Indolent investing


Warren Buffett claims he hardly works; his investing philosophy is about picking good companies and letting them do all the hard work. This approach has been successful and made a fortune for Berkshire Hathaway shareholders and for Buffett himself.

Indolent investing, or set and forget, or buy-and-hold, or whatever you want to call it, has always appealed to me in preference to the frenetic trading investors traditionally favour, staying one step ahead of market news and happenings.

I recently saw further proof that buy-and-hold investing works — putting to bed any suggestion Buffett's success is an aberration and impossible to replicate.

An American mutual fund, the Voya Corporate Leaders Trust, is now in its 81st year and has beaten the Standard and Poor's 500 stock index for 15 years. According to researcher Morningstar, the Voya fund is up an average 7.75 per cent a year versus 5.58 per cent for the S&P 500.

Actually, its success spans longer than 15 years with the Voya website proclaiming the fund has beaten the S&P 500 and the Dow Jones indexes "for over 40 years".

Beating the market for such a long period is a marvel in itself but the story is more fascinating because of the approach Voya has chosen to take.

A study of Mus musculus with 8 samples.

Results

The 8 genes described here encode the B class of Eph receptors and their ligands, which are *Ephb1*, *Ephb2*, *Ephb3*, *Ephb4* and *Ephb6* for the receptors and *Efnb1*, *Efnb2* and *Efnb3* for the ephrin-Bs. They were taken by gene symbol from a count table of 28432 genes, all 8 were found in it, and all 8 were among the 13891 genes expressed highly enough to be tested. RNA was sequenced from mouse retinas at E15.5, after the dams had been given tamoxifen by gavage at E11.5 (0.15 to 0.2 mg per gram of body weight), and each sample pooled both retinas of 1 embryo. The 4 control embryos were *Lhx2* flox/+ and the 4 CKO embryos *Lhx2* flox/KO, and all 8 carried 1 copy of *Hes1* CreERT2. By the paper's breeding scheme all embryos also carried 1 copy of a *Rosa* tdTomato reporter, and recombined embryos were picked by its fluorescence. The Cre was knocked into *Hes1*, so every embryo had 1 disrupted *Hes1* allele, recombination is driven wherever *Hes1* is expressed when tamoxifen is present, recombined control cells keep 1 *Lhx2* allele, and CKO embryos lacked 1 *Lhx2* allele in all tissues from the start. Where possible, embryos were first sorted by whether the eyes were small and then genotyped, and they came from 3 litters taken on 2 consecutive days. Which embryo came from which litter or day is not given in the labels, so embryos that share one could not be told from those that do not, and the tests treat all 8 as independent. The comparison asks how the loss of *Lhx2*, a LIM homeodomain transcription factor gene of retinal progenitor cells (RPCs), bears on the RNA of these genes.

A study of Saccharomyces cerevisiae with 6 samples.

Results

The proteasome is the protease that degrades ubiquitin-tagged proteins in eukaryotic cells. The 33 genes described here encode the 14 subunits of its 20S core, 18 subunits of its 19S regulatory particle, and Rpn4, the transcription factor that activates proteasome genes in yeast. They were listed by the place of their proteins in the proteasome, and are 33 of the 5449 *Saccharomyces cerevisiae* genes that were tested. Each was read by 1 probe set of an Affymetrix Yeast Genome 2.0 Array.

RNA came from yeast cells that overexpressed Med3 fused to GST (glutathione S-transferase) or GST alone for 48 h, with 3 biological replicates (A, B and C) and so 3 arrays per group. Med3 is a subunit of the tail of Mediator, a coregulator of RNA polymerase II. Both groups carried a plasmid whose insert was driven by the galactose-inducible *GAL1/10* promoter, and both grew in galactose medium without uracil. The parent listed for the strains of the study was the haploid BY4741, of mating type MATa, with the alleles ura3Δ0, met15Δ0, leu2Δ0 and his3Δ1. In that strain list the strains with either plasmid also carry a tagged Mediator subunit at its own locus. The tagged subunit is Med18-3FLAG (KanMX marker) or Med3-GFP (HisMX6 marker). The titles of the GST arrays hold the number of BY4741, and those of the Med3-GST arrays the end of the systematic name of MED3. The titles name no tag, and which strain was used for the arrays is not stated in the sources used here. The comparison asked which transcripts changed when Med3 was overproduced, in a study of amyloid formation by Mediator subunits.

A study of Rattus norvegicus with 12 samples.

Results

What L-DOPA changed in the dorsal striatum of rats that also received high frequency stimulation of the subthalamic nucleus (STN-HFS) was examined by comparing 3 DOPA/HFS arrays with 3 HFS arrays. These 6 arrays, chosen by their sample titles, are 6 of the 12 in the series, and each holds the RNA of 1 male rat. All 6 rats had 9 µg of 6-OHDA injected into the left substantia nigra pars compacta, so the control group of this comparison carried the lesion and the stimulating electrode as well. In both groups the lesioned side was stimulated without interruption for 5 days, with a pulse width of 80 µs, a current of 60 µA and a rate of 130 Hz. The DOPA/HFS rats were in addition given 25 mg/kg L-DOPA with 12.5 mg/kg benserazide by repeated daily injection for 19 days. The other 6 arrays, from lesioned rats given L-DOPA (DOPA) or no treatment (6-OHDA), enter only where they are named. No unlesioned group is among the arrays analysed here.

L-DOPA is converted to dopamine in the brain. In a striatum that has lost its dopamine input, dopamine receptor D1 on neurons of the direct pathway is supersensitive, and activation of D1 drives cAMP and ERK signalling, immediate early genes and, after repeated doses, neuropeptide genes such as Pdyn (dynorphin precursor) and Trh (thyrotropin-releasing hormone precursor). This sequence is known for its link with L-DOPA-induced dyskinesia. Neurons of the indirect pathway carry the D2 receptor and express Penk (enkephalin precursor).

Voya Corporate Leaders was born in 1935 — in the middle of the Great Depression — and its mission was simple. The founders figured that, if a company could survive and even prosper during the 20th Century's worst economic downturn, it could probably survive many more years. So the fund bought the 30 largest companies in 1935, ruling out banks and financial companies due to the lingering distrust of the sector at the time.

The rules of the fund were simple (but most unusual): no stock could be sold unless it stopped paying dividends or became de-listed from the market. No stocks could be added either, except through mergers and spinoffs.

Original names in the fund included companies like Du Pont, General Electric, Procter & Gamble and AT&T.

The fund clearly had some lucky breaks — Standard Oil, one of the original line-up, became ExxonMobil which has been a huge investment, growing dividends each year for the past three decades.

Warren Buffett's company Berkshire Hathaway also entered the fund when it bought the Burlington Northern and Santa Fe Railway.

The fund has trucked along for 81 years doing what Buffett says he does — not a lot — and has become a real testament to the value of long-term investing.

The notion of buying a good investment and holding on to it for as long as it remains good is common sense really.

Various experts over long periods of time have said the same thing or variations thereof.

Nobel economist Paul Samuelson said: "Investing should be dull. It should be like watching paint dry or grass grow. If you want excitement, you should go to Las Vegas."

Albert Einstein once opined: "There is no greater power known to man than compounding." What he means is, as your investment earns a return, leave it alone and it will earn a return on that return, and again the following year, and so on.

To those who prefer buying and selling over buying and holding, legendary investor Peter Lynch once said "If you spend more than 15 minutes a year worrying about the market, you've wasted 12 minutes."

Invest well in the first place — and spend all that extra time doing...not a lot.